Oracle Corp. (NYSE: ORCL) reported fourth quarter and fiscal year 2014 results after markets closed Thursday. The software and server company reported quarterly adjusted earnings per share (EPS) of $0.92 on revenue of $11.3 billion. In the same period a year ago, the company reported adjusted EPS of $0.87 on revenue of $10.95 billion. Fourth-quarter results compare to the Thomson Reuters consensus estimates for EPS of $0.95 and $11.48 billion in revenue.
For the full year adjusted EPS came in at $2.87 on revenues of $38.3 billion compared with fiscal 2013 EPS of $2.68 on revenues of $37.18 billion. The consensus estimates called for EPS of $2.91 on revenues of $38.45 billion.
Adjusted EPS for the fourth quarter would have been $0.94 except for a currency exchange loss in Venezuela.
New software licenses contributed $3.8 billion to fourth quarter revenues, flat with a year ago. Cloud software-as-a-service and platform-as-a-service subscription revenues rose 25% to $450 million year-over-year, while cloud infrastructure-as-a-service revenues rose 13%. Hardware sales and support revenues 2% each to a total of $1.5 billion. Services revenues fell 4%, to $940 million.
On a non-GAAP basis, operating income was up 4% to $3.7 billion and flat at $2.9 billion on a GAAP basis. Without the impact of currency exchanges, adjusted EPS would have been 14% higher and total revenues would have been 4% higher.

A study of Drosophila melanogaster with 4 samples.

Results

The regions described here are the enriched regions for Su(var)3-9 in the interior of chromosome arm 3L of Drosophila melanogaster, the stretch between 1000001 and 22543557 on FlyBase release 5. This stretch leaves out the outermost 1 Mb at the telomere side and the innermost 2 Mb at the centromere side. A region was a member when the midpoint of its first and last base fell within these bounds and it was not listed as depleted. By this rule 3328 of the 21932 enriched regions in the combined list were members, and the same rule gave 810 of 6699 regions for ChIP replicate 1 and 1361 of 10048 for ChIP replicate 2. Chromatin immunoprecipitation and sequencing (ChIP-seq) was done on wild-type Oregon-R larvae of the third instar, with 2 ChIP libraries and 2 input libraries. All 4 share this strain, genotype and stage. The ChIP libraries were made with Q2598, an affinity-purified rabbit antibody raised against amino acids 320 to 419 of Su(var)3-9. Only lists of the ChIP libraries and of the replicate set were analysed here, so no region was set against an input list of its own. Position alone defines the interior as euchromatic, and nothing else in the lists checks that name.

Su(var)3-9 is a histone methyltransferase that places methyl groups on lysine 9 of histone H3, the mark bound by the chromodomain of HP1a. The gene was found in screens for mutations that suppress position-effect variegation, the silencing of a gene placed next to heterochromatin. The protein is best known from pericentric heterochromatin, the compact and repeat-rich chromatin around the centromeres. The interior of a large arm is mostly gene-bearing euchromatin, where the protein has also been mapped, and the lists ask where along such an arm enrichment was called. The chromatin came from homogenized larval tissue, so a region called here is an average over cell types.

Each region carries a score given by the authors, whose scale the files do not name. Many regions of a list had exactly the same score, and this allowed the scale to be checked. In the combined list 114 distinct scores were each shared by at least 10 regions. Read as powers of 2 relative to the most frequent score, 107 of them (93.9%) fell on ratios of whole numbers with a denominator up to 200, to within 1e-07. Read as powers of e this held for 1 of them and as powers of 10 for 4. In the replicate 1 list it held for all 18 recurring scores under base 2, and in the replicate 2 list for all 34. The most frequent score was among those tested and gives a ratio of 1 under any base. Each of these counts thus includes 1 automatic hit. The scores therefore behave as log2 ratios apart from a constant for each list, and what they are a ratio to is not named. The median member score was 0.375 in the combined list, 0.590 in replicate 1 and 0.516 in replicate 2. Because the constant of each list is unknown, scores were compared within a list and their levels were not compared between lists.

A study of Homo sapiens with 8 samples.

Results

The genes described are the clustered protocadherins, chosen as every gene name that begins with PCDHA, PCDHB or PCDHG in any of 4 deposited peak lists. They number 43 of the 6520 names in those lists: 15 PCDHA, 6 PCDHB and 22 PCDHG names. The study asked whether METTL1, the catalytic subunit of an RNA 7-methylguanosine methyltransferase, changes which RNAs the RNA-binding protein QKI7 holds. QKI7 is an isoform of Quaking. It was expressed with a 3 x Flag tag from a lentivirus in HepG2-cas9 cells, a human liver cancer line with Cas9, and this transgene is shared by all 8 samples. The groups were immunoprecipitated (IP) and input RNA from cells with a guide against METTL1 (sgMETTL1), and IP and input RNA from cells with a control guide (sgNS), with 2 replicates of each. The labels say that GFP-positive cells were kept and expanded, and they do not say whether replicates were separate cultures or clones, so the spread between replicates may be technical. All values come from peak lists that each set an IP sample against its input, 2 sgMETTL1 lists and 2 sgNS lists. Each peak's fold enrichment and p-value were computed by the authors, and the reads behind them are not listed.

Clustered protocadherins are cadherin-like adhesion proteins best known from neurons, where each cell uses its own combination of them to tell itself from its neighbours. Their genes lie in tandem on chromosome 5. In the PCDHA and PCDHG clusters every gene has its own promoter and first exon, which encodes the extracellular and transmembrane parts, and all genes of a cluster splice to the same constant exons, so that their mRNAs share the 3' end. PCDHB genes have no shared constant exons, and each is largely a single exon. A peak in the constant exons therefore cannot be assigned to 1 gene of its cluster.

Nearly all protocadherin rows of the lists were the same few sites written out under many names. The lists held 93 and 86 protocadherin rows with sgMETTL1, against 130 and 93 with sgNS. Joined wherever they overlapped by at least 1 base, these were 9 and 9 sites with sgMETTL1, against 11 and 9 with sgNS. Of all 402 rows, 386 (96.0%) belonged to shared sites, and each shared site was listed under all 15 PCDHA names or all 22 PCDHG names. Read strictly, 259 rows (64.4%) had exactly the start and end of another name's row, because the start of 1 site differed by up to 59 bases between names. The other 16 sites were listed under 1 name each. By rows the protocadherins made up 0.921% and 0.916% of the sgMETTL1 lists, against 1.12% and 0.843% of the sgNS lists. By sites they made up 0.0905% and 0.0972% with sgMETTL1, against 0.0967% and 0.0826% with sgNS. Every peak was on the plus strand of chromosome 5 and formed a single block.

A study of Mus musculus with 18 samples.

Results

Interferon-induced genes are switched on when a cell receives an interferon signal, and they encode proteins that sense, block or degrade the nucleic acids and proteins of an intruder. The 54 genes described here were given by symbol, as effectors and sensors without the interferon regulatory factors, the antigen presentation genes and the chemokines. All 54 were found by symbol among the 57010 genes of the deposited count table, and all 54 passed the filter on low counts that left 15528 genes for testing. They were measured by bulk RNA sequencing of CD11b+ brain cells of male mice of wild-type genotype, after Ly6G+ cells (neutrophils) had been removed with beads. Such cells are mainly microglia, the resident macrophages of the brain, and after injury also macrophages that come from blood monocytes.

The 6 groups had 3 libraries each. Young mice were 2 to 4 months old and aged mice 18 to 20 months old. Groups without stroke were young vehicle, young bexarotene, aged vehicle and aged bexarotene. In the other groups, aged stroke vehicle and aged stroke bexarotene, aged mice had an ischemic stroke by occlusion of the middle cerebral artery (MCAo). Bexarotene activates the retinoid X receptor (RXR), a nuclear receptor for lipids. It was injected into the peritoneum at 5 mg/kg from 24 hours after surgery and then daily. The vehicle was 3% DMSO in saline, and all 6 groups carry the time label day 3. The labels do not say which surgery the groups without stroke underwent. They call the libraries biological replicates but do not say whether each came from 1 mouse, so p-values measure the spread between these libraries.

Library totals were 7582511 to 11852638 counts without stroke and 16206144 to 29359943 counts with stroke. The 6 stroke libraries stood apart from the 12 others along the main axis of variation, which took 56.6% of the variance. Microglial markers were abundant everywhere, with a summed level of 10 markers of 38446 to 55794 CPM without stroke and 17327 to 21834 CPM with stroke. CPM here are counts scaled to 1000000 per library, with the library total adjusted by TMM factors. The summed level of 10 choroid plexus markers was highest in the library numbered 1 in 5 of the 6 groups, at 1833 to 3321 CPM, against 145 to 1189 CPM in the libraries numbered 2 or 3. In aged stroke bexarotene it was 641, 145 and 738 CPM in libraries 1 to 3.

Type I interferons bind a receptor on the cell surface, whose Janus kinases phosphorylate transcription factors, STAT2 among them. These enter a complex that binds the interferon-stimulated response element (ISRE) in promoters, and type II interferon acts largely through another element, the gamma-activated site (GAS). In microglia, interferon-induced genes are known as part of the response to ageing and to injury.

Oracle did not provide any guidance in its earnings announcement, but is likely to do so on its conference call later today. The consensus first quarter 2015 estimates from Thomson Reuters call for adjusted EPS of $0.64 on revenues of $8.78 billion. The full year 2015 estimates call for EPS of $3.19 and revenues of $40.31 billion.
Safra Catz, Oracle President and CFO, said that the company’s cloud subscription business s nearing a run rate of $2 billion a year and CEO Larry Ellison noted that the company is now the world’s second-largest software-as-a-service company trailing only salesforce.com (NYSE: CRM). Ellison also said, “We plan to increase our focus on the Cloud and become number one in both the SaaS and PaaS businesses.”
Oracle does not provide any guidance until the company’s conference call. The company’s stock trades at around 13.5-times 2015 expected earnings, but the stock is near all-time highs.
The EPA results came in sharply below the whisper number of $0.98 and that is hammering the shares in the after-hours session.
Shares are trading down nearly 6% in the after-hours market on Thursday at $40.04 in a 52-week range of $29.86 to $43.19. The consensus analysts’ price target on the stock was $$43.60 before today’s announcement.